It had taken everything else from him. His feelings began to fade in August of the previous year.
Tiredness bled into torpor, torpor bled into apathy, apathy made him seek help that wasn’t helping. He was leaking. It had taken his wife from him. She left in March of this year.
She couldn’t deal with the lack of emotion and energy that her husband used to be full of. He was running on fumes. It had taken his friends from him. He couldn’t deal with them anymore.
Being around people so full of life began to take its toll on him. He gave them up shortly before his wife left him. He was empty. It had taken his career from him.
He didn’t have the energy to show up anymore. He didn’t have anything left. Depression had taken a vibrant life and drained it of everything that had made it worthwhile. He was good as dead.
At this point, it was only a formality that it should be the death of him. And since it couldn’t kill him in the literal sense of the word, he would have to do that himself.
He’d been contemplating it for the past few months now. The question now was not a matter of do or do not, but the execution of it, ironically enough.
He didn’t trust himself enough with knots to hang himself. He hadn’t the drive to go purchase a gun. Poison was too cliché. He couldn’t cut himself, he hated blood.
He would jump, but he couldn’t stand heights.
A train would do it, though. The thundering of steel at high noon, the shrill shriek of the steam horn, the raw power of ungodly machine, it all seemed morbidly attractive.
He would have described it as a type of romantic if he had the feelings to find the words. He had found his end.
And so it was settled: he would sacrifice the last of himself to the condition that had taken the rest of him.
He put on his Sunday best for his final hurrah. When they found his body he wanted it to look good. At least, that’s what the real him would have wanted.
If he could have watched himself, would the real him have been happy, though?
Two years ago, the real him never would have imagined that he would go down like this, a prisoner of his own life, a victim of his own mind.
If he was really going to do this, he had to stop thinking like that. Conviction was what he needed of himself right now. He was going to pull the trigger.
The rails were surprisingly cold for early September. The trees on either side of the tracks had just begun to shed their leafy vestiges in a snow of orange and red.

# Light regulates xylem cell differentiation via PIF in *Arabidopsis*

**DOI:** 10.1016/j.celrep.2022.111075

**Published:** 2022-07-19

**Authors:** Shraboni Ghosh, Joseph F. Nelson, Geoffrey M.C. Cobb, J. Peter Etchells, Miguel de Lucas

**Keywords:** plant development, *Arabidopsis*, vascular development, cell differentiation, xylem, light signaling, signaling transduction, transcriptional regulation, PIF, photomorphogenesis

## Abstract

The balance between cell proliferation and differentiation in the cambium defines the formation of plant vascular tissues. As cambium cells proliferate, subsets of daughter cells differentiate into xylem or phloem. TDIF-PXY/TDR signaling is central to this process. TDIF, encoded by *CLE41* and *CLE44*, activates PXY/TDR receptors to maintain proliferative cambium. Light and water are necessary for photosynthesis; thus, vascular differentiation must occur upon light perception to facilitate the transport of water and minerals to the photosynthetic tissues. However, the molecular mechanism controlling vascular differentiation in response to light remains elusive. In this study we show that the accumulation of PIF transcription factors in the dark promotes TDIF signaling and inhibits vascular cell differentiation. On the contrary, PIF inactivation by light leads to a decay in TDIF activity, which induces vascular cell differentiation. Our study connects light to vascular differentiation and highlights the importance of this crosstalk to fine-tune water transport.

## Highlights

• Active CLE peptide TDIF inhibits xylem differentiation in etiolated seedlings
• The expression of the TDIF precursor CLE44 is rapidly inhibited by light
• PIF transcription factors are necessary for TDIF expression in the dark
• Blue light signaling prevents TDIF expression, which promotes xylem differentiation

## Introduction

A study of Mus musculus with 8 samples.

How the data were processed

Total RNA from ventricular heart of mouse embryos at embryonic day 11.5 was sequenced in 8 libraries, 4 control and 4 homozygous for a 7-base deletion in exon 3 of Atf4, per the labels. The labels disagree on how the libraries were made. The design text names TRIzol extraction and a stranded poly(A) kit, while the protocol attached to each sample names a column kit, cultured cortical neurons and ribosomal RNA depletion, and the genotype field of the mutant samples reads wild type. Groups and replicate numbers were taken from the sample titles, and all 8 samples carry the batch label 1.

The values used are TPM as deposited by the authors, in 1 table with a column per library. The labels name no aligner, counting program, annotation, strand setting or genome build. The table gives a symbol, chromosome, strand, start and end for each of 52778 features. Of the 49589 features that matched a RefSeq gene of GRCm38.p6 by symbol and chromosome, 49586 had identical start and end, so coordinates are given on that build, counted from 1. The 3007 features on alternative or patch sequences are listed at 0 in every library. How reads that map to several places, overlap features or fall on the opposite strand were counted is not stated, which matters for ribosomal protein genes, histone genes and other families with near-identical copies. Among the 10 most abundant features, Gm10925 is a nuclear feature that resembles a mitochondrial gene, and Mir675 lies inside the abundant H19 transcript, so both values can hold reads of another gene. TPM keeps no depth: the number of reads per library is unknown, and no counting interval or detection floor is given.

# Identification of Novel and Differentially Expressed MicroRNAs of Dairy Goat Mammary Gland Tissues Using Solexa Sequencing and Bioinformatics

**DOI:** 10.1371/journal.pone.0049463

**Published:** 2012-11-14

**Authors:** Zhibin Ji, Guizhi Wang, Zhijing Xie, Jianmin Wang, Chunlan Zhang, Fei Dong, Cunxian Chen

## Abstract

Perhaps it was appropriate that the forest around him was accompanying him in his demise. As they slowly died, so would he. In the spring, they would come back.
What had really brought him so low? In the days before his demise, he would have said that he began to feel numb in August of last year. In the hours before his demise, he wasn’t so sure.
Had he always been this cold on the inside? His life wasn’t flashing before his eyes like in the overly dramatized stories he liked to read. It melted before his eyes.
His first memory of youth was inseparable from his memory of last night’s dinner.
The first sign of the incoming train was the buzz he felt on his head. A light vibration that might have been pleasant if he remembered what pleasant was.
The light vibration slowly and methodically became an incessant rattle. His heart fluttered with the frequency of pulsating rails.
If he remembered what to call it, he would have recognized this feeling as anxiety. His stomach churned like the bouncing gravel under the tracks.
His thoughts were brought to a rolling boil as his blood pressure shot through the roof. He was nervous.
What came after the train hit him? He didn’t let himself believe in a god.
Would it be blackness? Would it be peaceful? Painful? Immediate? Eternal? He lacked the answers to the questions he had; this wasn’t the best location to ponder life’s mysteries.
Or was it? He hadn’t felt this alive in his whole life. His whole body was quaking with an unnatural tension that frightened him.
How could he let himself die when he felt so far from death? He had doubts.
Was this actually what he wanted to do? The rattle from moments before became a thunder in less time than he would have liked.
The train was fast approaching and he was frozen in place, his head stuck to the frigid rails, cold sweat pouring from his burning being as his death charged down upon him.
Something from within him screamed. He was afraid. He was scared to die.
A last thought before impact, a deathbed confession to eternity: He didn’t want to die.